TECH
30/04/2018 13:49 BST | Updated 09/05/2018 15:47 BST

Facebook Has Started Rolling Out Its Dislike Button, Here's How It Works

The feature had originally been tested in the US.

Facebook has reportedly started testing its Reddit-style ‘dislike’ button in countries outside of the US.

Tweets from Australia and New Zealand show that the social network has started giving users the option to essentially downvote comments they don’t like or feel are inappropriate.

Rather than a thumbs down icon, as many had expected, Facebook has changed the way that comments are displayed to users.

Now if you see a comment that you like you can upvote it and as with Reddit, the more upvotes it gets the higher that comment will appear below the original post.

The same applies of course for downvoting so as more people downvote a comment it starts to be pushed out of the visible line of comments.

Once you downvote a comment it’ll be hidden from your account and you’ll be asked to explain why you downvoted it as either ‘offensive’, ‘misleading’ or ‘off-topic.'

Now to be clear, this is not an officially new feature from Facebook yet and so it’s technically still in the testing phase. 

For the company to start testing it outside of the US however suggests that it could be close to rolling it out in more countries including the UK.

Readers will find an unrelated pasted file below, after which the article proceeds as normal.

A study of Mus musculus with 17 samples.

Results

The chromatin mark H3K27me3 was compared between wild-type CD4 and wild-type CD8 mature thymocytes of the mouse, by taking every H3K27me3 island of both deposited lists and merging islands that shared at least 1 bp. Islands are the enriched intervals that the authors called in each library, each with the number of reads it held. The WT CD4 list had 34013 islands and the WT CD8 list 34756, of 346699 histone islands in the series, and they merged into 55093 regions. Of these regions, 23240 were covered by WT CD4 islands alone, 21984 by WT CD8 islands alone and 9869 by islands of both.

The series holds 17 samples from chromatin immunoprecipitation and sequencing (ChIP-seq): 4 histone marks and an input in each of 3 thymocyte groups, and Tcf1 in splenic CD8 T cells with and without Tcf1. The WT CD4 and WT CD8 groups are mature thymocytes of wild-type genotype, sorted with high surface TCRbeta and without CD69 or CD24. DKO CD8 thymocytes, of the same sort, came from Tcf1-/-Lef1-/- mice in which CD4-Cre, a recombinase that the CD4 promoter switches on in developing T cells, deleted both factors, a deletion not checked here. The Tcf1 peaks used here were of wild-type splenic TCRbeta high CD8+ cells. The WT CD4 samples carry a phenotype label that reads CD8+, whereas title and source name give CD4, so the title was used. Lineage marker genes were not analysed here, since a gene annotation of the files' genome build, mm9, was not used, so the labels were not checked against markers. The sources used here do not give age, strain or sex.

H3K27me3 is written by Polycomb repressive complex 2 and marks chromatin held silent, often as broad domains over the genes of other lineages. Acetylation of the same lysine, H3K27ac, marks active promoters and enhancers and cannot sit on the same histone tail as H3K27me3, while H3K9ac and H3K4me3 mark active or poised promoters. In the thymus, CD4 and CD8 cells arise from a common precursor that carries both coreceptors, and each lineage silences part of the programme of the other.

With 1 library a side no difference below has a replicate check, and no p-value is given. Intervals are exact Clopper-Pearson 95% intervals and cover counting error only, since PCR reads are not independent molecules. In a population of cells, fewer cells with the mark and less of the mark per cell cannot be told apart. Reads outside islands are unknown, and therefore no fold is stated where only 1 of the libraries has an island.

Speaking to HuffPost UK a Facebook spokesperson said: “People have told us they would like to see better public discussions on Facebook, and want spaces where people with different opinions can have more constructive dialogue.  To that end, we’re running a small test in New Zealand which allows people to upvote or downvote comments on public Page posts. Our hope is that this feature will make it easier for us to create such spaces, by ranking the comments that readers believe deserve to rank highest, rather than the comments that get the strongest emotional reaction.”

Facebook originally revealed the existence of the downvote button in February 2018 when it confirmed that a small number of users in the US would be able to trial the feature on their accounts.